Working as a Product Manager, one of the key class of decisions I have to is about prioritization. At product companies, we are always full of ideas on how we can improve the products we are building. Which means that we always have more features and improvements that we can work on than there is time. So, it becomes critical to pick the right ideas to work on at the right times.

Naturally, this is a core skill that I look for in any candidates I interview. And when the conversation comes around to this aspect, most candidates invariably bring up time and effort in order to decide which tasks to work on.

In the movie Jobs (I recommend the book over the movie any day of the week), there is a scene where Steve Jobs is being updated about the progress on the word processor that was being built at Apple. This was in the early 1980's.

During the presentation, he asks the team, "So, which of these tabs do I have to click on to see the list of fonts?"

The team members begin to shuffle their feet and throw glances at each other. Eventually, one of the project leads says, "It takes a lot of time and effort to introduce fonts and given how tight we are running against deadlines, we decided to not do the fonts. Frankly, I don't think that fonts are all that important."

Steve Jobs fires that project lead on the spot, and later says to the rest of the team, "He was the best engineer we had, but he didn't buy into our vision."

The results mattered to Steve Jobs a lot more than what it cost in terms of time and effort to get there.

I read the biographical account of Elon Musk a couple of weeks ago, and that is filled with similar stories. It is suicide to walk up to Elon Musk and tell him that something cannot be done without having alternative suggestions that will achieve the same end result. Justifications that involve reasoning in terms of time and effort are grounds for being fired.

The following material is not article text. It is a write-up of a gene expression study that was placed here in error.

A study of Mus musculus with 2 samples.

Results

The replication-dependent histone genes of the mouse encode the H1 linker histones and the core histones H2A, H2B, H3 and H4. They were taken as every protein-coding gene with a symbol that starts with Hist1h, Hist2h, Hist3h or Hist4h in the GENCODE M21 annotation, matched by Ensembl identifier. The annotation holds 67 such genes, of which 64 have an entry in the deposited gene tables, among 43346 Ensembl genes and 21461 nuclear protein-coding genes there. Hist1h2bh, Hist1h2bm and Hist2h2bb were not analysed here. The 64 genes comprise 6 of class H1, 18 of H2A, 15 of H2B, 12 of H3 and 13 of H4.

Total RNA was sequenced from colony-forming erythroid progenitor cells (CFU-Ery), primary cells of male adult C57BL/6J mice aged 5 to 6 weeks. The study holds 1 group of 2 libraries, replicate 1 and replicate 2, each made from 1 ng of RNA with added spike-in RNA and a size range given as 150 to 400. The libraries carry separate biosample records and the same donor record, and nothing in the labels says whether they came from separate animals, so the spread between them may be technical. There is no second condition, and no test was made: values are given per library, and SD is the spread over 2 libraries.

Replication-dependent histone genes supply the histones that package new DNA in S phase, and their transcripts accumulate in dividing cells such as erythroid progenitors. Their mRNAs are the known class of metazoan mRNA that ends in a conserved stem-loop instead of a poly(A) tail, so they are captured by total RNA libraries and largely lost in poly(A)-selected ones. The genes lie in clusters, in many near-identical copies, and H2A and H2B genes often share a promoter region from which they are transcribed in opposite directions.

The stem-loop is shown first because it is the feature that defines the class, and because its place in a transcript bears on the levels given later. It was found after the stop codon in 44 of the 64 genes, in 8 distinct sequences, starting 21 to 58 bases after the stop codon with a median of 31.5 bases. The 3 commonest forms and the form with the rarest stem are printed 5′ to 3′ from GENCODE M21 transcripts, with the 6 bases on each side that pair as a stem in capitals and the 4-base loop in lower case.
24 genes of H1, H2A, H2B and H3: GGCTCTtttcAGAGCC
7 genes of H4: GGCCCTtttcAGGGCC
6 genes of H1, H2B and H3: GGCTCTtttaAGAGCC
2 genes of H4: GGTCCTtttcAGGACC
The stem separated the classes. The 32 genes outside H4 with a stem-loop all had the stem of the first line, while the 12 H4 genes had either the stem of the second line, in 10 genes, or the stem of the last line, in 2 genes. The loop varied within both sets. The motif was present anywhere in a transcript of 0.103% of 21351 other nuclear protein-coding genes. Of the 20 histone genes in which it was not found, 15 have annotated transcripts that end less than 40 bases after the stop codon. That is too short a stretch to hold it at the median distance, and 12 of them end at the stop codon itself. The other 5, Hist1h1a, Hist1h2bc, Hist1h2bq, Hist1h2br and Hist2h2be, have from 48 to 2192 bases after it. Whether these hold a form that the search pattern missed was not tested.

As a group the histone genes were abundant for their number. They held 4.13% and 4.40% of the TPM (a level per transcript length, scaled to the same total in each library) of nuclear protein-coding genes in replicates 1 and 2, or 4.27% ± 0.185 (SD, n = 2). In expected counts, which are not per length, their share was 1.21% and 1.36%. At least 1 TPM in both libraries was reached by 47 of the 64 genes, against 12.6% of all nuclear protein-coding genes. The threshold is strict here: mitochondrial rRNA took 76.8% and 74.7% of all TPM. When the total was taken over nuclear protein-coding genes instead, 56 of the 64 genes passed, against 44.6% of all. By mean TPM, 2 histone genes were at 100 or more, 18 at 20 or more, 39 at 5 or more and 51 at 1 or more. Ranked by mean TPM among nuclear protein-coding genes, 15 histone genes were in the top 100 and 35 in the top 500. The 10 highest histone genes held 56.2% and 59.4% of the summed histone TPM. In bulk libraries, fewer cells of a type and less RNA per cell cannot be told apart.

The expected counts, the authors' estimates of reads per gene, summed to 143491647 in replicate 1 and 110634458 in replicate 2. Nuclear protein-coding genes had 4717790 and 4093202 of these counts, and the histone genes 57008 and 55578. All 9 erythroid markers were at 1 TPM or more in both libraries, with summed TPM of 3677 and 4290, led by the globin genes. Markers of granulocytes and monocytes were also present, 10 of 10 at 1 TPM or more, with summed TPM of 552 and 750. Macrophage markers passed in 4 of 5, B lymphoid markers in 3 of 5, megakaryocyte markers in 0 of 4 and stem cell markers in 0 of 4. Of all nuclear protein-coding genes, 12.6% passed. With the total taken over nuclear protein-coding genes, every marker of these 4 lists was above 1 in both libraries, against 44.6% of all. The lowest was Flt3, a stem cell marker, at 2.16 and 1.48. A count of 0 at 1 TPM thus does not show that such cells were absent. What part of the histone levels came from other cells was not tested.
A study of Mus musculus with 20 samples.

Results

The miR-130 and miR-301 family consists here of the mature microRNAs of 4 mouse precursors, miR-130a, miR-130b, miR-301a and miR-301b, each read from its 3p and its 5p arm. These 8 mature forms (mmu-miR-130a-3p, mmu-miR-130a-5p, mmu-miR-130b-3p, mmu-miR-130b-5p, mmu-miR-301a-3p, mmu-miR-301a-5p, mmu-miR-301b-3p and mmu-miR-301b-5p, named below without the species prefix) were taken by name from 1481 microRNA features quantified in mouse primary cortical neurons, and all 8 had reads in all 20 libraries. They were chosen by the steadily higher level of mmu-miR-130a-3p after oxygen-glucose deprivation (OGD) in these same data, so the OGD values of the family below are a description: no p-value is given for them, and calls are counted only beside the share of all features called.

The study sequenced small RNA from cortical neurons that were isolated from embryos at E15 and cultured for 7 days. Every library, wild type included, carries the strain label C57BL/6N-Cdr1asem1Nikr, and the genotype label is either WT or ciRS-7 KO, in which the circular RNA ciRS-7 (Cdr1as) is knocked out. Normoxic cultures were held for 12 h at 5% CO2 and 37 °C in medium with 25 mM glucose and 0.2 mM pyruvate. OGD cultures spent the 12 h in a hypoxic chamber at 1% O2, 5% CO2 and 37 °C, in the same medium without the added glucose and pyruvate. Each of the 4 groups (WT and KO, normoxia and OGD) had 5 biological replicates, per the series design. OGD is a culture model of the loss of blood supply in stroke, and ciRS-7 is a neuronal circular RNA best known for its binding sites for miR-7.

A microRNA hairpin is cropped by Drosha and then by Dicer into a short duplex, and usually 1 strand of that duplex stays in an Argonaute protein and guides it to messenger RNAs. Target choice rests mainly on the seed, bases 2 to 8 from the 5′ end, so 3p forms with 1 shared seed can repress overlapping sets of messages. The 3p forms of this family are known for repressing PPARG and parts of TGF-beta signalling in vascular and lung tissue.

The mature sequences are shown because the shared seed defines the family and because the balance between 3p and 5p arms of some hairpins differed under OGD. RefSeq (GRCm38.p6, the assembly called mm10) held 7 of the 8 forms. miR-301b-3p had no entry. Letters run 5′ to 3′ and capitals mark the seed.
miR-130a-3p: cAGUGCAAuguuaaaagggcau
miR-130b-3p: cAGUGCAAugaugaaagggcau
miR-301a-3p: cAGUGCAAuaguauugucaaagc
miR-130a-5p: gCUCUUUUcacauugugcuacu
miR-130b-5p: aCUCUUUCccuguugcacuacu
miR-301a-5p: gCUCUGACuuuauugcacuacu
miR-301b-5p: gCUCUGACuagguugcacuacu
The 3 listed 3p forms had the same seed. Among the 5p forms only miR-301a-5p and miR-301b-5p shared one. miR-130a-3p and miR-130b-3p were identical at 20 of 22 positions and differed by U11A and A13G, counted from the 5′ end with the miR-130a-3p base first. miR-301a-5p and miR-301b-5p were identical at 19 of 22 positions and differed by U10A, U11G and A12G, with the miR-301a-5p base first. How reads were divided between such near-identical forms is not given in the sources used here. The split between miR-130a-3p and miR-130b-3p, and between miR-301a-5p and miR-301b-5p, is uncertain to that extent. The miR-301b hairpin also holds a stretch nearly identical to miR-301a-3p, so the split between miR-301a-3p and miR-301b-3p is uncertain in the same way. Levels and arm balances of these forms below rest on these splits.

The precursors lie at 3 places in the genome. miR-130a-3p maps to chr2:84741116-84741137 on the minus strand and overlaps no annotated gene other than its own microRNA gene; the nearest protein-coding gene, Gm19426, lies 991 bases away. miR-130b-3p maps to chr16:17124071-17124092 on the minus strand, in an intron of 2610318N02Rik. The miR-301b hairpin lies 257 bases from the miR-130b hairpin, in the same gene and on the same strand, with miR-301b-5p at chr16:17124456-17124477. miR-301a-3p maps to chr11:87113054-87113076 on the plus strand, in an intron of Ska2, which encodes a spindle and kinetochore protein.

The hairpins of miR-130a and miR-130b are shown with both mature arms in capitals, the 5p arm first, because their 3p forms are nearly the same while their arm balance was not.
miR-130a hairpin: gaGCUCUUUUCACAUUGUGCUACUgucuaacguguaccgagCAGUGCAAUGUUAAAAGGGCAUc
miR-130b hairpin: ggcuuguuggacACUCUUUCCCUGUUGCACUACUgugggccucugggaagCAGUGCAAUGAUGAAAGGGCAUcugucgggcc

But it isn't just at work that I face the prioritization scenarios. It happens every day and every week. Should I read one book a week irrespective of their sizes or should I read a fixed number of hours each week? Should I write a blog post every day or should I write for an hour every day (and stop mid-way if I don't finish it, or cut corners and make it shorter)? Should I write one chapter of my new book every week or should I write a thousand words a day?

Depending on my mindset, I tend to frame my goals and tasks in the above ways. There are cases when they both overlap and lead to the same end results. But often, that's not the case.

Committing to a result gives us no jail-free card. It gives us no excuses. We have to get it done no matter how long it takes and whatever else we have to sacrifice in order to get this done.

Committing to a time and effort gives us a jail-free card. We can still come out feeling happy that we put in an agreed upon amount of effort. But with this approach, we are taking the end result out of our hands.

This is what most product managers, most people do. This is how we make decisions. Because we want to feel like we are making progress, but not be forced to put in the hard work when it is needed. This helps us lead a guilt-free life.

But guilt-free doesn't lead to greatness.

What does is the passionate dedication to seeing through to the end result.

I take different approaches to different aspects. While it is one blog post in a sitting no matter how long it takes in terms of writing, it is one hour of reading a day irrespective of how big or how interesting the book is. And I'm currently regretting that approach as I'm so enthralled by reading Yuval Noah Harari's Sapiens, and can't keep myself from reading for more than an hour a day until I finish that book.

That's my lesson learnt this past week or two from two of the most successful people of our generation - Steve Jobs and Elon Musk - commit to end results and prioritise based on end results irrespective of the time and effort it takes.

There is no reward for half-arsed eighty percent of work done with twenty percent of time and effort. It is the end result in its totality that matters. That's the path to greatness.